By Heather Rhoades
Sometimes the tomato plants in our gardens get so large and so unwieldy that you can’t help but wonder “Should I prune my tomato plants?” This question is quickly followed by “Exactly how do I prune tomato plants?” Let’s look at these two questions.
Should I Prune My Tomato Plants?
The answer to this question is actually a personal one. Some people assert firmly that pruning tomato suckers improves the production and health of a plant. Others claim that pruning tomato suckers damages the plant unnecessarily, opens the plant to disease and does nothing to help the plant.
So, scientifically speaking, who is right? A study at Iowa State University (PDF) published in 2000 showed that pruning tomato suckers sometimes makes a difference and sometimes it did not in terms of the size the fruit. And, whether pruning the tomatoes improved the fruit just depended on luck as to whether or not the tomato plant developed disease because of the pruning. But the study did not find that pruning tomato suckers ever helped with the yield of the plant.
But, on an anecdotal level, a great many Master Gardeners recommend the practice of pruning tomato plants. One has to wonder if these people who work with plants all the time and are considered the ultimate experts in their field know something that the scientific types have missed.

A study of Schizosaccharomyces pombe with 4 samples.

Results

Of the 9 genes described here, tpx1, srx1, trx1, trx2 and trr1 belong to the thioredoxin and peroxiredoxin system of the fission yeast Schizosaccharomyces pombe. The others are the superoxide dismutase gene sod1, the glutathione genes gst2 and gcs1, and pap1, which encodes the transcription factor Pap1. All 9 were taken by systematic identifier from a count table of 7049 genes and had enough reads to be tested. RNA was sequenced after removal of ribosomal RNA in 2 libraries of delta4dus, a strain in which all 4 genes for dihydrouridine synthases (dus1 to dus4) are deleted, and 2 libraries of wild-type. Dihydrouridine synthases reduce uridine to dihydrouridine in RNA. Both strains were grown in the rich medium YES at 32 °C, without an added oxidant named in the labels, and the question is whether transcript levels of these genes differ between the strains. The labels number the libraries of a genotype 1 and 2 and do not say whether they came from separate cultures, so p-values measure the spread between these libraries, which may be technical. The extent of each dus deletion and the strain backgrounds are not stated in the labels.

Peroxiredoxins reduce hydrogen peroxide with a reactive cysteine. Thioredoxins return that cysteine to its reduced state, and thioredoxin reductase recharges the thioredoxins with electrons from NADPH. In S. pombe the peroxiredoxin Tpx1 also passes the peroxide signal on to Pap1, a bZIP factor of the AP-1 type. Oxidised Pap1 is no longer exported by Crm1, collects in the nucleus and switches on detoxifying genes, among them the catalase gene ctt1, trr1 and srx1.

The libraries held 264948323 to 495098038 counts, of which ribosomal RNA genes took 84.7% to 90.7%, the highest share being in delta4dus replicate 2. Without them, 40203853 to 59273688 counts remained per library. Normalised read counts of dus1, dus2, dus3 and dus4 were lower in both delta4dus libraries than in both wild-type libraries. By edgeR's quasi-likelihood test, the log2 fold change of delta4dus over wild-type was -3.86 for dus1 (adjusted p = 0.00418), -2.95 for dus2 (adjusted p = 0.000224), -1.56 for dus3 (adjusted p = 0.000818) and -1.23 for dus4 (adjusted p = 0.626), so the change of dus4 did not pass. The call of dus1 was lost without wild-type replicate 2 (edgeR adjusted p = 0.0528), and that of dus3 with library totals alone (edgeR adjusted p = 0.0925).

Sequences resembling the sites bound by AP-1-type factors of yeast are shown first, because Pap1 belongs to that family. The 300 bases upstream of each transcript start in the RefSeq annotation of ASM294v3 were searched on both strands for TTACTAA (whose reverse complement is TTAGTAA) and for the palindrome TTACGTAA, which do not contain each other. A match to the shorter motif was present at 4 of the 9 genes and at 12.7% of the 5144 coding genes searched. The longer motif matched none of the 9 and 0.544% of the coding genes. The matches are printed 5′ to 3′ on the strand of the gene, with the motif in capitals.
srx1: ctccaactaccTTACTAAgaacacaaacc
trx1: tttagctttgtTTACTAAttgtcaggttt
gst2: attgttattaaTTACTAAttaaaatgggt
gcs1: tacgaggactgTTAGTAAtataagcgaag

So, as stated, the decision to prune tomato plants is one that you will have to make with your own best judgment.
How to Prune Tomato Plants?
If you have decided to try tomato plant pruning, you need to make sure that you do it the correct way to help reduce the chances of disease.
- You want to start pruning tomato plants a when they get to be about 1 – 2 feet tall. Any smaller than this, and the plant may not recover from the shock of being pruned.
- By the time your tomato plant gets to be this size, the plant will have branches coming off the main stem. Where these branches meet, you will see and additional branch growing. This is called a tomato sucker.
- Using a sharp, clean pair of pruning shears, snip these small sucker branches off.
- The best time to prune tomato plants is in the early morning on a dry day. This will allow for the wounds from the pruning to heal cleanly and will reduce the chances of the plant being infected by disease.
- If you choose to prune tomato plants, make sure that you use watering methods that water the tomato plants at the soil level (like soaker hoses) rather than from above (like sprinklers). This will prevent the splashing of soil up onto the tomato plant and the tomato plants wounds.
Your answer to the question of “Should I prune my tomato plants?” is your own, but now you have some additional information on why and how to prune tomato plants.